Chicago Car Accident Statistics
Stay-at-home orders prompted by the Coronavirus have decongested roadways significantly, and experts are suggesting that drivers are more tempted to drive recklessly on the open lanes. Illinois is not alone in this matter, and the same study discovered that crash fatalities have increased 14% nationwide in March of 2020. Although the total number of traffic accidents has decreased, more severe accidents are trending upwards.
At the height of the pandemic, almost every state in the United States invoked a stay-at-home order to prevent the spread of the virus. Surprisingly, the public was compliant in following these orders, and for months citizens were not leaving their homes.
The National Safety Council reported that, in some states, 50 to 70 percent fewer miles were driven at the peak of the Coronavirus during March and April. Illinois was no exception, and those who found themselves on the roads experienced open lanes for the first time in their lives. INRIX found Chicago to be the second most congested city in the United States for 2019.
Drivers lost, on average, about 145 hours, which correlates to a total of 6 days, stuck in Chicago traffic. However, after the stay-at-home order went into effect, weekly traffic volume in Chicago fell to half its normal level. It is reasonable to suspect that many who remained on the roads took advantage of this trough of activity to drive more recklessly.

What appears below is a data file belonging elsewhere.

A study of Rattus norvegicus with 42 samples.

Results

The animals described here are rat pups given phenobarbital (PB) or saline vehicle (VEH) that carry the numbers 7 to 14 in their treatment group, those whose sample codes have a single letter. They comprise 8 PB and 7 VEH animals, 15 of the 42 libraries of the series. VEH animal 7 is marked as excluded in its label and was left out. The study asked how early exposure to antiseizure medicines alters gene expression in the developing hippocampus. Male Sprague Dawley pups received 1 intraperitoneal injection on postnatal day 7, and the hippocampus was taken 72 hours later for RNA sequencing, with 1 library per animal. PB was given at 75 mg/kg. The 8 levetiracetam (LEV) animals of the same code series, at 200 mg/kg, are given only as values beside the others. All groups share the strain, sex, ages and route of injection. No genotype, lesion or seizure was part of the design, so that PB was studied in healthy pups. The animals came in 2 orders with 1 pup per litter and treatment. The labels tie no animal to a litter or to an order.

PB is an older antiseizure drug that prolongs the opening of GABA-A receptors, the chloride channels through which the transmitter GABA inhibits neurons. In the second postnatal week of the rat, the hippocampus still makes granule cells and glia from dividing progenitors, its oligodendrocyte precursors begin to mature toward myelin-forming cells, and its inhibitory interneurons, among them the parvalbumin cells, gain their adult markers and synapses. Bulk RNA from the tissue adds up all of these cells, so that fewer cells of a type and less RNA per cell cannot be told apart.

Elements of Reckless Driving
Even before the pandemic, the National Safety Council recorded an upward trend in traffic fatalities due to reckless driving. Safety experts have identified driving under the influence, distracted driving, and speeding as three significant influences of traffic fatalities.
Distracted driving has become much more prominent in recent years. The National Highway Traffic Safety Administration estimates that 35% of U.S drivers regularly text while driving. Texting while driving, along with other distracted driving acts, leads to an average of 37,000 traffic fatalities every year.
However, since the beginning of stay-at-home orders, speeding has been extremely prevalent as roadways are less congested. Officials have found a 14% increase in speeding, and highways such as I-290 and I-55 saw more than a two-times increase in average speed, from 25 MPH to over 60 MPH, during normal rush hour traffic times.
Individuals may feel they are safer to travel at higher speeds when the roads are clear, but roads do not become any less dangerous just because there are fewer vehicles. The deceptive S-curve on Lake Shore Drive in Chicago is one such example. Dense traffic may have actually kept drivers on Lake Shore Drive safer as it limited their speed on the S-curve.
The duty to keep roads safe does not fall solely on cities or law enforcement to uphold. Individual drivers have the ability to follow the speed limit, take precautions around hazards, and keep their eyes on the road. Accidents involving reckless driving are usually preventable, and taking precautions behind the wheel can help save lives.